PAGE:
Conflict as nomadic pastoralists face starvation amid the looming drought in Northern Uganda

According to Paul Lopuk, the community head of pastoralists in Karamoja,the herders have been sleeping in the jungles, many kilometers away from their homes in Kotido and Moroto districts in order to graze their livestock.

"About 1,000 of them have established makeshift settlements in Alebtong and Otuke districts in neighbouring Lango sub region, west of their home villages," said Lopuk.

They are majorly grazing on stocks of standing dry grass left by waves of bush fire which sweep the region. They are grazing in Olilim and Omoro sub counties in Alebtong district. Security and local leaders have restricted them to graze in a small piece of land.

Lopuk says the animals are unable to feed enough due to lack of adequate green grass. “We are encountering few nutritive young green grass upstream. The animals don’t prefer the grasses in the valleys which is why they stray into people’s gardens” he told PAMAAC News.

When the livestock could no longer derive adequate water from the mud left in valley dams constructed by government of Uganda, the pastoralists started to slowly drift away west of their villages, kilometer by kilometer until the distance became too much for them to return home and eat or fetch food.

Patrick Okello, a resident of Olilim says his three acres of Cassava have been destroyed by the pastoralists. He says besides interfering with the food security situation of the host communities, the pastoralists threaten women around water sources.

Wafula Ogumbo John, the resident district commissioner of Otuke district where some of the pastoralists have arrived says pastoralists without food have resorted to stealing food from host communities. In Ogwette Sub County for example, several acres of cassava have been ransacked by the pastoralists. In Ogwette, communities preserve cassava seeds by leaving them in the gardens.

Wafula says “in gardens run down by the pastoralists and their livestock, the cassava planting materials broken down have begun drying up. If not arrested, the communities will not have cassava planting materials when the rains return”. Cassava is a food security crop in this area.

According to Wafula, sick pastoralists are exerting extra pressure on public resources such as water, health care, production and sanitation situation. The sick ones have begun turning up at health centers after spending days without proper food and shelter.

“Medicines supplied to health center hosting the pastoralists are running out of supplies. We are working with Police to conduct surveillance and prevent the pastoralists engaging in criminal activities where they are seeking water and healthcare services among others” Wafula explained adding that 30 animals were stolen by the pastoralists from their host communities in Ogwette Sub County. They are yet to be recovered and handed back to their owners.

Like in Alebtong district, some of the pastoralists have resorted to cheaply selling emaciated livestock and uninspected animal products such as milk and meat to local communities in order to buy some food. The animals sell for as low as Uganda shillings 100,000. Karamojong pastoralists often migrate from their districts into Acholi and Lango sub region during droughts when there is acute shortage of pastures and water. This year’s influx stems from a long dry spell which adversely affected valley dams constructed by government of Uganda since September last year.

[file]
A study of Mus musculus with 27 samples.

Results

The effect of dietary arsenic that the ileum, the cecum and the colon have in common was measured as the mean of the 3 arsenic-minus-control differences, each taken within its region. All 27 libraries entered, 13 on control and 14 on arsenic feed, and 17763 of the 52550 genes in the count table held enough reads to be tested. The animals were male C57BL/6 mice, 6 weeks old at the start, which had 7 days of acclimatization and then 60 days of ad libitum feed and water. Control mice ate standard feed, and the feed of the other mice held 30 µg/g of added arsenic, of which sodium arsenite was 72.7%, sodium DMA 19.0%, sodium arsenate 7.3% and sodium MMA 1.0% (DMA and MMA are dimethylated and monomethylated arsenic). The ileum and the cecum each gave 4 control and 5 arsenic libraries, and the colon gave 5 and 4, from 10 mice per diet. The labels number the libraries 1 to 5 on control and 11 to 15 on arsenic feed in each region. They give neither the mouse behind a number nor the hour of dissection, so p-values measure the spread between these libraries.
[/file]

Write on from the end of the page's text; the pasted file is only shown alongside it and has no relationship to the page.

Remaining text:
In January, Karamojong pastoralists entered Adilang Sub County in Agago district, another Karamojong neighborhood in Acholi sub region. They were accused of killing three residents they had encountered hunting in the bush. It is unclear why they killed them since none of the attackers was arrested but residents say the Karamojong cattle keepers are often aggressive. They want government to find permanent solutions to the unending search for water and pastures by the Karamojong pastoralists year by year. Hay conservation is a complete stranger among Karamojong pastoralists.

government and donors including the European Union have been attempting to diversify the economy of Karamojong pastoralists since they were disarmed of 40,000 assault rifles they used to protect their livestock, the major source of their livelihoods in the 1990s. The impacts of this intervention remains slow as malnutrition among Karamojong pastoralists remains high.

According to the African Union and the World Food Programme, one in two children in Karamoja is stunted. The UN agency says malnutrition cost 5.7 percent of Uganda’s GDP, an estimated 899 Million dollars each year. The UN WFP and African Union estimates that malnutrition will cost Uganda 7.7 Billion dollars in lost productivity by 2025.

 The Uganda National Meteorological Authority (UNMA) says the Karamoja region has been experiencing water stress since December last year. The authority projects that the region will experience irregular light rains to set in around mid-March to late March, which will eventually lead to the onset of steady rains by early April.

 “The peak rains are expected around early to Mid-May, and then moderate relaxation around mid- June. Overall, there are high chances for near normal rainfall over this region” a statement by the Authority issued on February 20th states.

Otuke district resident commission, John Ogumbo Wafula says government should invest more capital in building more valley dams for the Karamojong to store adequate water for the worst of times.